Can Your Teenager Get Arrested for Texting Nudes in Florida?
While sending naked pictures of oneself wasn’t something that the parents of teens ever had to worry about when they themselves were growing up, today, sending naked pictures–often accompanied by sexual speech–is common. In fact, “sexting” is so common that more than eight out of 10 people surveyed online admitted to sexting in the prior year, according to data published by the American Psychological Association (APA).
But while one teen sending a naked picture of themselves to another may seem fairly innocuous to the teen, and even considered one form of modern day flirting, sexting is actually against the law in Florida. This means that a teen who otherwise has no criminal background, and may even be a top student and model citizen, could face criminal charges for sending a naked picture in some cases. Here’s what you need to know–
The state of Florida defines the act of sexting by a minor as using a computer or other electronic device to knowingly send (to another minor) a photo or video depicting nudity and that is harmful to minors (defined as any depiction of nudity that predominantly appeals to a “prurient” or morbid interest, “is patently offensive to prevailing standards in the adult community,” or is without literary, artistic, scientific, or political value), or is in possession of a nude photograph of another which was transmitted electronically. A person will not be convicted of sexting in regards to the latter (possession of a nude photo) if they did not solicit the photo and reported receipt of the photo to the appropriate party, such as a school enforcement official or parent.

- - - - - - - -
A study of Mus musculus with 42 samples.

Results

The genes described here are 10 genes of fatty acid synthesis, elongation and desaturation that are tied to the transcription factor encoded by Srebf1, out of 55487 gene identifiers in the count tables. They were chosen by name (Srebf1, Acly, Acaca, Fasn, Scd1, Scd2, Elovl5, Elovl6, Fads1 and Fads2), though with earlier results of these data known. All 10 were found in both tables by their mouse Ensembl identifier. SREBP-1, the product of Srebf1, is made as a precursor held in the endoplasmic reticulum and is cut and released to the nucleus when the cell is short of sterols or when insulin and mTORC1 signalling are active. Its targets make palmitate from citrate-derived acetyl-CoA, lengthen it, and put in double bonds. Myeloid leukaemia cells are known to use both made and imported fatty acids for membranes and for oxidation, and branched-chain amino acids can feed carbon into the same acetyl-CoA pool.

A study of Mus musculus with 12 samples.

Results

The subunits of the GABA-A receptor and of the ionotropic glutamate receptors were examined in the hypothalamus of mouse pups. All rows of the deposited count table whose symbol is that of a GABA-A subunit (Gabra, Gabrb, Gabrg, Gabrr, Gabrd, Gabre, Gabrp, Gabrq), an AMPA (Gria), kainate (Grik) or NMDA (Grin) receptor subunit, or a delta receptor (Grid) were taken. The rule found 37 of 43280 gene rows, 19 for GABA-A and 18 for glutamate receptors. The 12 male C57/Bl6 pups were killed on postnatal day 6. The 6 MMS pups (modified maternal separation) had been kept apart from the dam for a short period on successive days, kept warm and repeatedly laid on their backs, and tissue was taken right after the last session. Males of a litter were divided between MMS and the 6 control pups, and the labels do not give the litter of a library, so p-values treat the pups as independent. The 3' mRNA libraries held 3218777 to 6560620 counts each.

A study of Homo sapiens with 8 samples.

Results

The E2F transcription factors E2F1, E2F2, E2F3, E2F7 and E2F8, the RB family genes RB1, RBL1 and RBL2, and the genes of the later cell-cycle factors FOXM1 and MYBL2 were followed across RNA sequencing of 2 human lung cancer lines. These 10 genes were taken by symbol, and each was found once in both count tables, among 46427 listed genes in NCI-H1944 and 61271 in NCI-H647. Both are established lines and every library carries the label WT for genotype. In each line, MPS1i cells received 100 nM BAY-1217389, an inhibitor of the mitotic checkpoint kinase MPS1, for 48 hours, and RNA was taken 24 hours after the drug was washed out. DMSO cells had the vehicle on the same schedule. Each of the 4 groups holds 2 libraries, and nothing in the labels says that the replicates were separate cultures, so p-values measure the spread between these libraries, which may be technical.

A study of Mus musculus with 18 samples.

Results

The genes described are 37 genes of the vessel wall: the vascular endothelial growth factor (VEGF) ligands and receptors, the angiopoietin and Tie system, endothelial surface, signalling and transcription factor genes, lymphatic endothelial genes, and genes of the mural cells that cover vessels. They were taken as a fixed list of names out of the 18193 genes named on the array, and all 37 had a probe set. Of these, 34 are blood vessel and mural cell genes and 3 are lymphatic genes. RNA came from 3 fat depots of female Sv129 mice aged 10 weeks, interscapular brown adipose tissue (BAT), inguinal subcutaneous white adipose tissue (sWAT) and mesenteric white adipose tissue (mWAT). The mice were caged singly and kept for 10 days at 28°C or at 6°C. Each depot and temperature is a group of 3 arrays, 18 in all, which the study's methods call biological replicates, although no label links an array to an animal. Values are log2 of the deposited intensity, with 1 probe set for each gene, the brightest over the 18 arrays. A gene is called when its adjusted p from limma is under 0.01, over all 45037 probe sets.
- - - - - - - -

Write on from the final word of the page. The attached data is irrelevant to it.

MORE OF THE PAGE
Sexting is a very serious offense. For those who are first-time offenders, however, there are no criminal penalties. Instead, the offense is a noncriminal violation, and the offending minor must sign a citation and promise to appear before the juvenile court or complete community service work and pay a small civil penalty fine.
In the event that the minor in question has already committed a noncriminal sexting violation in the past, then the act of sexting is charged as a first-degree misdemeanor offense. A third offense is penalized as a felony of the third degree.
For juveniles who face misdemeanor or felony charges, the penalties are much more severe than just having to pay a small fine and do community service. Instead, a teen may have to spend time in juvenile detention, pay a large fine, and even be subject to a probationary period.
If your teen has been charged with sexting in Florida, you need an experienced juvenile criminal defense attorney on your side. At the Law Offices of Mark G. Rodriguez, P.A., we understand that seeing your child be arrested or questioned for a sexting offense can be scary, and we know that being accused of sexting can have a serious effect on a teen’s reputation, opportunities, and future.
For legal counsel that you can trust, do not wait to call our law firm. You can reach us online or by phone today to start the process of building a defense now.